SEARCHING FOR WATERFALLS IN THE JUNGLE
Ever been to a waterfall in Bali? You walk through the jungle, hearing the sounds of the waterfall as you get closer. You question why you’re walking through dense forests for some water and just as you’re about to give up, you see what you hiked all the way for.
Well, I haven’t been to Bali either but from all the pictures I’ve seen, I think we had a similar experience when we visited Oowu Falls in Kwara State.
Wondering what the heck we’re talking about? Well watch the video and see for yourself.
Said to be the tallest waterfall in Nigeria, Oowu Falls (commonly written as Owu), located in Owa Onire, Kwara State is commonly referred to as a ‘wonder in the wilderness’ and we can understand why.
Rumor has it that you have to hike for 20km to access the falls. You go through a village and the jungle before you’re rewarded for your hard work.
Now there was no way we were going to hike for 20km to see Oowu falls and after extensive research we found out it wasn’t necessary. People hike 20km as it is assumed that the road to the waterfalls isn’t motorable. Most of it is actually motorable till the 4km mark. We were even told vehicles could go further but it would be putting the cars at risk so we settled that we would start our hike at the required spot.
We drove down from Ilorin so it took us over an hour to get to Owa Onire which is in the Ifelodun local government area of Kwara State. After a bit of driving and getting lost, a motorcycle rider set us on the right track. (*note don’t let the motorcycle riders trick you into hiring them to take everyone there on their bikes. This is where the claim of the unmemorable road usually starts and they offer bike rides for an exorbitant fee)
When we got to the village closest to the waterfall, we got down to greet the king of the village (this is necessary as they’re the ones to grant you access to the waterfall).
The king welcomed us, gave us one of the villagers to lead us on the right path and asked us to stop by after we were done with the falls.
4km seemed like it would be a walk in the park but after a couple of steps we were starting to feel tired. The hike covers different terrains, mostly uphill so we had to keep adjusting our speed. However the views made up for it.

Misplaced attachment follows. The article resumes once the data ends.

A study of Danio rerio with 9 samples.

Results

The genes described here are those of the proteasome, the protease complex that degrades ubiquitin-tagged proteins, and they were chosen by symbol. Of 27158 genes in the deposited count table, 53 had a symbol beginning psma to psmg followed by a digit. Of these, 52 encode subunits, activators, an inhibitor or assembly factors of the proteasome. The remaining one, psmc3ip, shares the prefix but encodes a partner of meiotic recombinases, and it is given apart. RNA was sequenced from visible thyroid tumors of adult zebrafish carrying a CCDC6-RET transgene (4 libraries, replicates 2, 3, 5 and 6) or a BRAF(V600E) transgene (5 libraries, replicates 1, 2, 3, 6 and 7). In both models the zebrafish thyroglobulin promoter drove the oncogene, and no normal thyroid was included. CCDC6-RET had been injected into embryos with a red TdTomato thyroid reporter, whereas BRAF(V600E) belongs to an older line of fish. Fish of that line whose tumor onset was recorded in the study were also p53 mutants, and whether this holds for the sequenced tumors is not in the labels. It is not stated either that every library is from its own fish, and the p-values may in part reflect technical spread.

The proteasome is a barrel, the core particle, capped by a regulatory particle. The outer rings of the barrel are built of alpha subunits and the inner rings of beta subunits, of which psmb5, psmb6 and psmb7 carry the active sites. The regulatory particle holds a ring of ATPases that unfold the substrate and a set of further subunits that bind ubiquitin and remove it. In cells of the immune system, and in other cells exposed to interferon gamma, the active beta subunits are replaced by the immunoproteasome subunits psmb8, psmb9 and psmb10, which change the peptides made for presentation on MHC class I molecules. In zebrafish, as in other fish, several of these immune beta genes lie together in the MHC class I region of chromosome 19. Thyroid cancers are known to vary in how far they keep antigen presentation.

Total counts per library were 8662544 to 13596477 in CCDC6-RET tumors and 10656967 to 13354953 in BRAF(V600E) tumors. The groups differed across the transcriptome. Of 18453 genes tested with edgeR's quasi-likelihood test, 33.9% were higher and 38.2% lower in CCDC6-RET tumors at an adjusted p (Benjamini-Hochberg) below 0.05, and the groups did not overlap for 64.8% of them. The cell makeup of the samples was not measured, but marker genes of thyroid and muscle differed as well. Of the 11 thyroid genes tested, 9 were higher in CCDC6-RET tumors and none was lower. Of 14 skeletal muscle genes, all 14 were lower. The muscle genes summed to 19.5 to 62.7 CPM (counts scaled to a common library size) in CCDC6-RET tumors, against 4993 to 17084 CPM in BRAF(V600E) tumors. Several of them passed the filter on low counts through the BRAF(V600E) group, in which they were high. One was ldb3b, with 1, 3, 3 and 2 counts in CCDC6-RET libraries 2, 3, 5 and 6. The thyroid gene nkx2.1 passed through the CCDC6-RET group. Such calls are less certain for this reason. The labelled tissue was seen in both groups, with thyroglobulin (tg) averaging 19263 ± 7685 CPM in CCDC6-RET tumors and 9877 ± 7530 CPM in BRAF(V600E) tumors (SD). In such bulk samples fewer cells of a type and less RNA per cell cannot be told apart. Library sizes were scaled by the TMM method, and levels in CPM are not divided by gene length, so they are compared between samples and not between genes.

Most of us were about to give up as tiredness started to creep in but suddenly we began to hear the sound of the waterfall. The local guide beckoned and pointed at where the sound was coming from and our excitement was back.
We saw a bit of the waterfall and were all energised to move on. As you get closer to the waterfall, you can feel the force of the water. We were all drenched within minutes of getting there.
It was a glorious sight. There this waterfall was, in the middle of nowhere just falling from the highest point I’ve ever seen since I started chasing waterfalls in Nigeria.
We were really excited and most of us went under the waterfall. Some of us were more adventurous and tried to go directly under the source. It was amazing and we spent a while just frolicking underneath it, enjoying the scene and basking in the awesomeness of the falls.
On the left side of the waterfall, there’s a small sitting area. However, due to the force of the wind/water it’s always wet. You’ll be soaked anyway so wet seats shouldn’t make a difference.
After our time at the waterfall, we changed our clothes and started our hike back to the village.
The oba welcomed us back to the palace, asked for our feedback and then another villager proceeded to tell us about the waterfalls. He mentioned that people used to live on the other side of the waterfall from where you can see the top of the waterfall.
He also mentioned that the original name of the fall was ‘Esawu’, but when the ‘oyinbo’ people came and they told them, they said ‘Owu falls’ and the name stuck ever since.
He then went on to plead with us that we should spread the word on the waterfalls so that more can be done to elevate it. He mentioned that as a community they understand how much the waterfall can do for the community and Nigeria as a whole if more was done.
In his words ‘you may know someone in government who can do more for this place. Lai Mohammed (the minister of Information & culture) has come here and we hope we will see changes.’
After this, we filled their visitor’s book and made a donation. While there is no fee to see the waterfalls, donations are encouraged to help them do their little bit for the waterfall such as the small seating area at the waterfalls, the signboards and km marks.
It was a pleasant visit and we were happy to have ticked another waterfall off our list. It was especially gratifying that it went hitch free as some had tried to discourage us from going prior to the trip claiming there was nothing special about it.
This goes to show that while getting information and advice about a place or culture is great, people’s opinions differ and you should always go to see for yourself (except its a security issue).
*note you can hike the 20km if this is up your alley. We know a couple of people who have done it, but if you’re not particularly fit, go the unravelling way and do 4km.
What are your thoughts on Oowu Falls?
Have you been there? Will you be visiting?
*prices written are based on the time the visit was made and is subject to change by the owners.